Saturday, June 20, 2009

Wrong Windows Removed, More Flooding

At long last, our construction manager, Aaron with Cornerstone Building Services, finally had a framing crew out to remove the wrong clerestory windows and prepare the framing for the new, correct, windows. Well, the day they finally came to work it rained (they were supposed to start last Friday, then delayed to Monday, then delayed to Tuesday, then delayed get the point - they finally came on Thursday to work). And it poured. And there was a huge thunderstorm. The lot was a complete mud pit (as you see in another post) and that made it very challenging work for the crew. But all of the windows appear to have been successfully and safely removed. However, during the process, they clearly were not being careful enough, as there was some damage to one of our sliding doors on the south side. The picture isn't clear, but there's a dent in the metal frame. Ugh. 

To add insult to injury, during our early morning call with Aaron, Andreas gave explicit instructions that the crew needed to be 100% certain that the sump pump was plugged in before they left. You guessed it - they didn't ensure it was plugged in. I know it was plugged in last time we left the lot, so someone from that crew must have unplugged it (either intentionally or unintentionally does not matter as they had instructions to ensure it was plugged in). So the basement completely flooded again. Hours and hours of cleaning up dirt from the last flood was completely wasted by simple laziness, idiocy, or both. I was not happy when I discovered that on Thursday evening and I'm still unhappy about it. The last picture below shows the water draining from the basement several minutes after I plugged the sump pump back in.

Puddles, Puddles everywhere

This rain is driving me nuts! Bartley returned on Tuesday with the repaired machine to continue the grading work. The clay dirt was too wet for them to complete the job, so they'll have to come back again after 4-5 days of no rain, which will give the dirt time to dry out. At this rate, I don't think we'll ever have that kind of dry spell! 

While doing the grading, the guy from Bartley drove right into the corner of our house, completely destroying three of the extruded foam board panels. Hopefully when the EIFS installers come, they will be able to easily add new foam board there and make it like new. You can see the foam board we cut away in the fourth picture below.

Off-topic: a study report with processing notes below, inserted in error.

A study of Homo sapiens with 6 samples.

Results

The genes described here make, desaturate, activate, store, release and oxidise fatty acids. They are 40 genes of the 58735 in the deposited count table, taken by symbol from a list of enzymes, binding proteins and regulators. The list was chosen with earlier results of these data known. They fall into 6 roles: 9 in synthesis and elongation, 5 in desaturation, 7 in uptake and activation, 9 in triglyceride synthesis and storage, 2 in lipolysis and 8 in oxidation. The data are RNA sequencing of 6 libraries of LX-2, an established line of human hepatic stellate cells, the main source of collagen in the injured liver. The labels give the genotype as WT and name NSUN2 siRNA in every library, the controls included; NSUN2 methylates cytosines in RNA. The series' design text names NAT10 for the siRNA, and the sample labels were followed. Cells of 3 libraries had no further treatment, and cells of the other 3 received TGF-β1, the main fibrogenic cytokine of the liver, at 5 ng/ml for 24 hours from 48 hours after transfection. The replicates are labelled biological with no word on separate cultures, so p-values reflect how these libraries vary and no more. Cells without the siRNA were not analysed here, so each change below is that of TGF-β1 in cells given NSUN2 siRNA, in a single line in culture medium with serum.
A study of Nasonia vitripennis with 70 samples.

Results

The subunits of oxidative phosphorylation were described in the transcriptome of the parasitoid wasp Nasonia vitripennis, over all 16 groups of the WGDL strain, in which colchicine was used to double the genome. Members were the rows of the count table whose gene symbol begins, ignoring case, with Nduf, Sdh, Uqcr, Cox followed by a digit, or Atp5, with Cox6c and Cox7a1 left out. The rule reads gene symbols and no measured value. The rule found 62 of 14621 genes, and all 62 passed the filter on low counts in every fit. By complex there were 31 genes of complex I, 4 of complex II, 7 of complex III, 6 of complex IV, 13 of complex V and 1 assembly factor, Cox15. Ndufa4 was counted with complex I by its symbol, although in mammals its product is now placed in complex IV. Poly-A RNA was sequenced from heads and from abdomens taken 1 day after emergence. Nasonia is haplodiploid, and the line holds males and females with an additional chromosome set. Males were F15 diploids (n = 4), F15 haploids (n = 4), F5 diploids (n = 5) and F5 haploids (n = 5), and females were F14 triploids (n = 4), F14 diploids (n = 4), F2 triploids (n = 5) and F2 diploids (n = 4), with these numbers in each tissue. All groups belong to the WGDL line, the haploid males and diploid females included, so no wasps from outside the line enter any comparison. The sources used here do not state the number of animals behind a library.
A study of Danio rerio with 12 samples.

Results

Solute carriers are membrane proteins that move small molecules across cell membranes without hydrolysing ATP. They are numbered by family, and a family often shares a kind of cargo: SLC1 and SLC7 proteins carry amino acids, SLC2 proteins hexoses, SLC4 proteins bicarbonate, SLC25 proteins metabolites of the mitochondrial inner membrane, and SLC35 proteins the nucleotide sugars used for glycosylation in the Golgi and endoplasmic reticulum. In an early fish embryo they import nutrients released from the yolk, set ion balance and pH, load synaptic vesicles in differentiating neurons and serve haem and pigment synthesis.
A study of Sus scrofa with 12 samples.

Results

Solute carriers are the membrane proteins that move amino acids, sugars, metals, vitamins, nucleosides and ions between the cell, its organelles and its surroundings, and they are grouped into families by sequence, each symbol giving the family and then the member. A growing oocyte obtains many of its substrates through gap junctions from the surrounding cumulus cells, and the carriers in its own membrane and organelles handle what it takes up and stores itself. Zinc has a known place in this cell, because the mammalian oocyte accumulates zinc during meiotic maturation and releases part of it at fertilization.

On Thursday, when I was in an important all-day meeting, I received an email from my neighbor to the South stating that our silt fence needed attention. You will see in the final picture where the torrential rain storms that afternoon, following days of steady rain, were just too much for any silt fence to handle. I went that night and put up an extra layer of new silt fencing, hoping that holds in the future. Once the grading is complete, hopefully this won't occur again. If it does, we might be forced to incur even more water mitigation expenses (which we cannot afford) in terms of draintile to prevent water run-off. 

Prepping for EIFS Installation

In order to secure the best possible price for the EIFS installation (that's the extruded foam board and synthetic stucco system on the exterior of the house), we agreed to attach the basement extruded foam board to the house using TapCon concrete screws. That saved time for the installers, which saved us money. Andreas did the work, which took a few hours, about 100 TapCon screws with large washers, and five concrete drill bits to pre-drill the screw hole. Doesn't it look great? Now the EIFS installers will be able to nicely match their foam board with ours for a professional installation.

The bottom foam board will be a dark grey and the top foam board will be a very light grey, kind of like concrete. The clerestory part of the house (above the CEB wall) will have beautiful stained shiplap cedar siding.